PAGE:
The RI Mobilization Committee sponsored an interesting array of speakers Wednesday night at the Beneficent Church in downtown Providence centered around the theme of Civil Rights. First up was Iman Ikram Ul-Haq, from Masjid Al-islam mosque, North Smithfield, who talked about Islamophobia. The Iman made some interesting observations about the recent attacks in Norway and the rush to judgement by the media in identifying the attacker as a Muslim terrorist when in fact the man was a white Christian militant. The audience in attendance split during the question and answer session over the idea of free speech. Some felt that free speech includes the right not to be offended, but others maintained that offensive speech needs to be protected. The Iman was very courteous but personally I feel that he should have given more thought as to how to confront Islamophobia in a constructive way.
Next up was Onna Moniz-John, of the NAACP and the Urban League, a tireless advocate for the elimination of racial profiling. She related her ongoing struggle to deal with this issue legislatively, and her disappointment that a bill in the recent legislative session was scuttled at the behest of the police chiefs from the various RI communities. (One of many disappointing outcomes in the latest session.) Racial profiling exists, and needs to be dealt with, and Ms. Moniz-John offered us a real route towards dealing with this problem. She is a very affecting speaker.
Next up was Will Lambek of the Olneyville Neighborhood Association and Marlon Cifuentes, talking about Secure Communities, an Orwellian-named government program that puts people from south of the border on the fast track to deportation without any hint of due process. This program had been ostensibly instituted to deal with the very worst violent offenders, but in practice has been used as a means by which to deport anyone for any reason. Efforts to dissociate states from this program have been successful in some states, including New York, but Attorney General Peter Kilmartin and Governor Lincoln Chafee have both ignored requests to meet on this issue.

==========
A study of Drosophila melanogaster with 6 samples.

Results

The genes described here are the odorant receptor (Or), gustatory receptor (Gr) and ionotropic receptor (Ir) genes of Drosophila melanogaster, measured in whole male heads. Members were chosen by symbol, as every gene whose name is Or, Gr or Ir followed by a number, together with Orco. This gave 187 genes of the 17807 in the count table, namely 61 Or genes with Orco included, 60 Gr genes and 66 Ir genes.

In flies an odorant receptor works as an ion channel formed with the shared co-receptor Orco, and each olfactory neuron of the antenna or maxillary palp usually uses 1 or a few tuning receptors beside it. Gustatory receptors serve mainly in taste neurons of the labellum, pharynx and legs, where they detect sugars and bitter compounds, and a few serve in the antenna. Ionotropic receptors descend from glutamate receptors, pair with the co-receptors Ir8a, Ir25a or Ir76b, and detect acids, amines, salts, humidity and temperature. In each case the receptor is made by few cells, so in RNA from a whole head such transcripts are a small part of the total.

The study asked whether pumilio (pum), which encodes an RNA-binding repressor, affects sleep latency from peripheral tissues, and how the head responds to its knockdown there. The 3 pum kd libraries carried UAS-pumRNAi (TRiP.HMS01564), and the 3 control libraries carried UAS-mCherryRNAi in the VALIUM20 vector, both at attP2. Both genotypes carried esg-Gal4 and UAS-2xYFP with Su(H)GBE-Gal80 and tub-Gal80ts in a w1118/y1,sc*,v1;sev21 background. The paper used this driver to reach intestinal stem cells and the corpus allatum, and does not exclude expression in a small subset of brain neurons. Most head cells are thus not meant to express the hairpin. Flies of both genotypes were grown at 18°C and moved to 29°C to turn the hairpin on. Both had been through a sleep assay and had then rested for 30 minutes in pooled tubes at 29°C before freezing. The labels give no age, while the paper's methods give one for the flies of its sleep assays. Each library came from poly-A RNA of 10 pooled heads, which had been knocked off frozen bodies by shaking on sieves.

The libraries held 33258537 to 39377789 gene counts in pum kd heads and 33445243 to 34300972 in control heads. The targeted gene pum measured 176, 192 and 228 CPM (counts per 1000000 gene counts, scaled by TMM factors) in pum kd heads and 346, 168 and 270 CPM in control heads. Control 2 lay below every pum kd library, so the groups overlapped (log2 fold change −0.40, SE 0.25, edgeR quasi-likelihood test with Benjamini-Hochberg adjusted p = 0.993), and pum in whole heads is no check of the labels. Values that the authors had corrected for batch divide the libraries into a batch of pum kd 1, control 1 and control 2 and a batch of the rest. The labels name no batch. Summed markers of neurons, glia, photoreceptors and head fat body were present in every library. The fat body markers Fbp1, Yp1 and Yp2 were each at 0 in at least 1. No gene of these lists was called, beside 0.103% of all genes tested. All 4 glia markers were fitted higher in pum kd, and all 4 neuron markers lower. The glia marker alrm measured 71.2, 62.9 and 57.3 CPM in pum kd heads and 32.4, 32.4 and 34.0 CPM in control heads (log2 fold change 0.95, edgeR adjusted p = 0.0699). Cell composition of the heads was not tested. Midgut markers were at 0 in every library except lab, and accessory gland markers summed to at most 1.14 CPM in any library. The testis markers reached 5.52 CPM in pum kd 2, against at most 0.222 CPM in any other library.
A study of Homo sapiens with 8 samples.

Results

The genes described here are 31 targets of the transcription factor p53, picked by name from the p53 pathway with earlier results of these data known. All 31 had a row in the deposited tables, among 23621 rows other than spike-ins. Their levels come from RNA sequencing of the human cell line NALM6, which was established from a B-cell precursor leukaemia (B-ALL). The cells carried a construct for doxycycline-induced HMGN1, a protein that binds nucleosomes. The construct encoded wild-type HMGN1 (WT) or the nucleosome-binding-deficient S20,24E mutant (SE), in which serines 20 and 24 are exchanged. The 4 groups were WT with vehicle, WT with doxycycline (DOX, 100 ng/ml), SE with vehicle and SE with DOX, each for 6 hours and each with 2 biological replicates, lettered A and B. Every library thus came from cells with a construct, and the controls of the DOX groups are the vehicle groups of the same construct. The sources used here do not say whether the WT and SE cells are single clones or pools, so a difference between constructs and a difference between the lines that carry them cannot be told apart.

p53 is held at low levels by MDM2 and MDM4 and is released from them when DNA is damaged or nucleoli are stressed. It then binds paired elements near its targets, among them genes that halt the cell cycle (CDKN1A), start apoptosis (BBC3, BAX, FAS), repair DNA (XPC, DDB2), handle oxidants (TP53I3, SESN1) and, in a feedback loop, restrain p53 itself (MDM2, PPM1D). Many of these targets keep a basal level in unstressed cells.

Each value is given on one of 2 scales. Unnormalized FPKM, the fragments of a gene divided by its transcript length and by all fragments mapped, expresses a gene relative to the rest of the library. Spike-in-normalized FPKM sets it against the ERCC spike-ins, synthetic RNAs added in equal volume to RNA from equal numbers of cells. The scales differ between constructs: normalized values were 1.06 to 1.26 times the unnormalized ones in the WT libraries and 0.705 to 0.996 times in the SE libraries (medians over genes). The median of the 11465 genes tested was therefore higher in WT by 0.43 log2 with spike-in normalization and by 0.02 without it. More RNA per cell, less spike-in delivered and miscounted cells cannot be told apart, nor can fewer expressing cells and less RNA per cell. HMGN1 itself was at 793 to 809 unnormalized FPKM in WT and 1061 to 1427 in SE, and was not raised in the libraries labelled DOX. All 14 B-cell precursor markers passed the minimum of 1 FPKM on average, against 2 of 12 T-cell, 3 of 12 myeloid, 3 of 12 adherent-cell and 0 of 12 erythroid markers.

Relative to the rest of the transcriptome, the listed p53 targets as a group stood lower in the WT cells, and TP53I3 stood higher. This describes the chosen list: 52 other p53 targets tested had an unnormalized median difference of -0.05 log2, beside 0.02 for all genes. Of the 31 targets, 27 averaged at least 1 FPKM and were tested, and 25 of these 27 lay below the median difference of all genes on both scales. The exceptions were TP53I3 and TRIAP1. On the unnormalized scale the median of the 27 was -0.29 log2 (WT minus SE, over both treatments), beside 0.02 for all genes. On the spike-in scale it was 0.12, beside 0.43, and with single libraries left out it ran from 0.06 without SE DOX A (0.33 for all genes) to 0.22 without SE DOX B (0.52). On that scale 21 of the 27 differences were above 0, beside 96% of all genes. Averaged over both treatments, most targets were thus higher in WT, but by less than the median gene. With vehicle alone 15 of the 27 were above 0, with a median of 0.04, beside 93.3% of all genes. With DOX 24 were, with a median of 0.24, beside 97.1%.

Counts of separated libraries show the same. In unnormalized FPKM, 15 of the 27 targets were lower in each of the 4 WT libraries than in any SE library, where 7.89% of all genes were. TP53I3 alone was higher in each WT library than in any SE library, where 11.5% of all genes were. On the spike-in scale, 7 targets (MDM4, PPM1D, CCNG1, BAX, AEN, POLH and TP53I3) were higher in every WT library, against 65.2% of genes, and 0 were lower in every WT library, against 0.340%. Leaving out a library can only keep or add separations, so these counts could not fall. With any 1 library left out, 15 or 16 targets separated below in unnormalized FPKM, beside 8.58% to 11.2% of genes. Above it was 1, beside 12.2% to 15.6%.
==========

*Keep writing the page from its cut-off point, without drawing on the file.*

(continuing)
Last to speak was John Prince of DARE, who spoke about the Prison Industrial Complex, and his own dealings with it. After serving more than his fair share of time for his youthful indiscretions, Prince has become a tireless fighter for prison reform. I feel that the way a society treats its prisoners is the metric by which the society should be judged. On this count, the United States is not doing so well.
One of the eeriest things revealed this night is how all these various problems are related in such a way as to lead a person of color directly from his malfunctioning school directly into the Prison Industrial Complex. A person may be racially profiled, pulled over, arrested on some pretense, run through the court system, and wind up in jail, beginning a life cycle that may result in years of incarceration. It was pointed out by an audience member that the privatization of prisons and the continuance of the failed war on drugs has created a real profit motive to continue the failing schools and the building of more prisons.
Over all it was a very informative evening of refreshing and positive activism within our community. There is much to be done, and I came away feeling that though the situation is dire, it is far from hopeless if we continue to work on these issues.